Jo Nesbo: ‘Fictional violence can have a beauty to it’
The first Harry Hole thrillers could be toe-curlingly savage. Ten novels later, Jo Nesbo is still putting his detective in dangerous places – and it’s starting to take its toll
Norwegian would: “I take some time off from Harry,then I want to hang out with him again.” Photograph: Brenda Fitzsimons
Talking to Jo Nesbo is a bit weird. The Norwegian crime writer speaks quietly in streams of words whose earnestness is undercut by a strong current of mischief. He’s wearing sunglasses with orange lenses, so you can’t quite see if he’s serious. Plus, all those Nordic-accented consonants are hypnotic. Every now and again you feel as though you’ve strayed on to the set of a television crime series – Arne Dahl or The Killing or Wallander – where instead of saying takk or är du okej? everyone is speaking soft Scandinavian English.
Nesbo has just published the 10th novel in his series featuring the detective Harry Hole, a 500-page whopper entitled Police. Earlier this year the first novel in the series, The Bat, was published in English for the first time, although it was written in 1997. Having just read them one after the other, I have a couple of bones to pick with the author.
First of all, for the first 150 pages of the new novel, did he intend readers to assume that Harry Hole was dead? The orange lenses flash. “That man in the hospital,” he says. “You’re not sure whether that’s Harry or not. At the end of Phantom he was in a bad spot – but I did write Phantom and The Police in one, so everything was planned. I like to play with the genre and the idea of a series.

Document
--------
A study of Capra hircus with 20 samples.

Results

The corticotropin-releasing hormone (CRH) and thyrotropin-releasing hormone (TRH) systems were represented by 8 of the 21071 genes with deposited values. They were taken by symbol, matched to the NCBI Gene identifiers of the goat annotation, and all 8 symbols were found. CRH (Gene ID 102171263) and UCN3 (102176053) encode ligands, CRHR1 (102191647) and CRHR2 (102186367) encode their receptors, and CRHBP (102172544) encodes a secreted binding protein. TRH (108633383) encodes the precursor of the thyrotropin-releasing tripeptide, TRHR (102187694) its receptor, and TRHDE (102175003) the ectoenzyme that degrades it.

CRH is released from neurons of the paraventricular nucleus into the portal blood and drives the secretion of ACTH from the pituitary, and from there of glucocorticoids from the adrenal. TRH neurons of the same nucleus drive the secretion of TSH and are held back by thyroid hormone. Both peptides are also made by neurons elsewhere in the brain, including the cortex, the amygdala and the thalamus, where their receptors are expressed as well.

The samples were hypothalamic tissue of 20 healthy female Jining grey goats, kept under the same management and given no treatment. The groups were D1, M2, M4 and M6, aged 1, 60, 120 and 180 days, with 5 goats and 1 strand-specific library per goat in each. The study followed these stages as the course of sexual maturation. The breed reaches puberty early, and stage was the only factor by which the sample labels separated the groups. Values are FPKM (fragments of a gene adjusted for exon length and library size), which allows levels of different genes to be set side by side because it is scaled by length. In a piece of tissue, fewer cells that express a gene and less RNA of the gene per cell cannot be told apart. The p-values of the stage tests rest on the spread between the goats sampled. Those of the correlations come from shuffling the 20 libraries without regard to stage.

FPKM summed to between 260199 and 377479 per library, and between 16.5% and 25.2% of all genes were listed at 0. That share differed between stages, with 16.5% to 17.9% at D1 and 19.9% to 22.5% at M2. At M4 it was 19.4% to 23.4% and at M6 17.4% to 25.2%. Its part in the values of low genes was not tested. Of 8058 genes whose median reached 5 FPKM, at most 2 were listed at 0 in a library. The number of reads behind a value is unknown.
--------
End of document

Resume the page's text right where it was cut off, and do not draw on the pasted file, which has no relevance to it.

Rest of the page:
“Of course I am also manipulating the reader into believing certain things – and that is crime fiction. You’re allowed to manipulate your readers and to be the illusionist. Draw the attention to your left hand while doing the trick with your right. That is part of the fun for me as the writer – and hopefully, also, for the reader.
“I never thought of this,” Nesbo adds, “but it’s like in The Third Man. Harry Lime is referred to from the start of the movie, but you don’t see him. You just hear him whistling and see his shadow. And it’s the same in this story. The Third Man has, in many ways, inspired this series: is Harry the good guy or is Harry the bad guy?”
Well, exactly. Because at the beginning of The Bat Harry just turns up. No introduction, no explanation, no back story. No identifying quirks. When Nesbo wrote his first Harry Hole book, did he ever dream he’d write 10 of them – and sell a cool 20 million copies? “No, no, no,” he says. “No way. I wasn’t even thinking that it would be published.”
The title, The Bat, refers to the Aboriginal symbol of death. Why did he set his debut novel in Australia? “Because I was going there. Simple as that.”